The new Apache would feature a large fixed-wing, rearward-pointing exhaust, a downward-pointing vertical fin, and a pusher propeller in the rear.
A new Apache attack helicopter with increased speed and less drag: these modifications, known as AH-64E Block 2 Compound are being tested by Boeing. As reported by Jane’s the new Apache would feature a large fixed-wing, rearward-pointing exhaust, a downward-pointing vertical fin, and a pusher propeller in the rear. The AH-64E Block 2 Compound keeps the tail rotor for anti-torque. These modifications are being tested at Boeing’s wind tunnel in Philadelphia, Pennsylvania, at 30% scale. The tests are expected to wrap up by January.
According to the company these modifications would provide 50% more speed and range, twice the lifespan, and 24% better fuel efficiency for a 20% increase in price. The current AH-64E features upward pointing exhaust, an upward-pointing vertical fin, and only stub wings for carrying weapons.
Randy Bregger, Boeing Advanced Apache programme manager, told the Vertical Flight Society’s Helicopter Military Operations Technology (HELMOT) conference in Virginia on Oct. 25, 2018 that the company is hoping these modifications would attract the U.S. Army to buy the AH-64E Block 2 Compound and bridge an expected production gap between when AH-64E production ends around 2032 and the Future Vertical Lift (FVL) attack aircraft reaches initial operational capability (IOC) around 2045.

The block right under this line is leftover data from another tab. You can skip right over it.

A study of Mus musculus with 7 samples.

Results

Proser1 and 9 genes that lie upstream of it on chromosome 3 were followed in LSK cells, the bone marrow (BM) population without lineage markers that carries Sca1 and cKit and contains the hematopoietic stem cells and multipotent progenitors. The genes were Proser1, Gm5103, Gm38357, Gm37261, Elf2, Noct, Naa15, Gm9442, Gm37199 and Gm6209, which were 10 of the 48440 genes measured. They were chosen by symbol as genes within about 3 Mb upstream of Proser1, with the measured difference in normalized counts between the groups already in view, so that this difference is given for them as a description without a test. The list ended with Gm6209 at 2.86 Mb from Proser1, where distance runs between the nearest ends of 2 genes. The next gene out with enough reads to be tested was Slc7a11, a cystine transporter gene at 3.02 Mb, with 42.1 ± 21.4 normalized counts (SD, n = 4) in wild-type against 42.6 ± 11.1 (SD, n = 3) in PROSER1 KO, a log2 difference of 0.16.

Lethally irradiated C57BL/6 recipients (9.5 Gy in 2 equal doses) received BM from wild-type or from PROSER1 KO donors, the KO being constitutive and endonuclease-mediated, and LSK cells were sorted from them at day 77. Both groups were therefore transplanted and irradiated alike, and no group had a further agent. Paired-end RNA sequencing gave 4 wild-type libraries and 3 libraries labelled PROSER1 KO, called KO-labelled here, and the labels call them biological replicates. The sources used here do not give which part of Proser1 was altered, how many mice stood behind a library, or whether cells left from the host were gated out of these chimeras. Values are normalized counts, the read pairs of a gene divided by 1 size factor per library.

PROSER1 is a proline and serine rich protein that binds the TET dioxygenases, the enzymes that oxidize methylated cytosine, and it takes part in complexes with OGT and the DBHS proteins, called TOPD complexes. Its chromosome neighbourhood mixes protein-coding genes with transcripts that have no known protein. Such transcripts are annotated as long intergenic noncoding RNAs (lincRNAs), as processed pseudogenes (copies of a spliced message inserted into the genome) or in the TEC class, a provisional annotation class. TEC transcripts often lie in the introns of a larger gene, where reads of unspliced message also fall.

Bregger said that adding the fixed wing takes some of the load off the main rotor while adding the pusher propeller increases the airspeed and efficiency. Adding the fixed wing also contributes to the 23% increase in range.
The AH-64 Apache is the world’s most advanced multi-role combat helicopter and is used by the U.S. Army and a growing number of international defense forces. Boeing has delivered more than 2,200 Apaches to customers around the world since the aircraft entered production. The U.S. Army Apache fleet has accumulated (as of July 2016) more than 4.2 million flight hours since the first AH-64A was delivered to the U.S. Army in January 1984.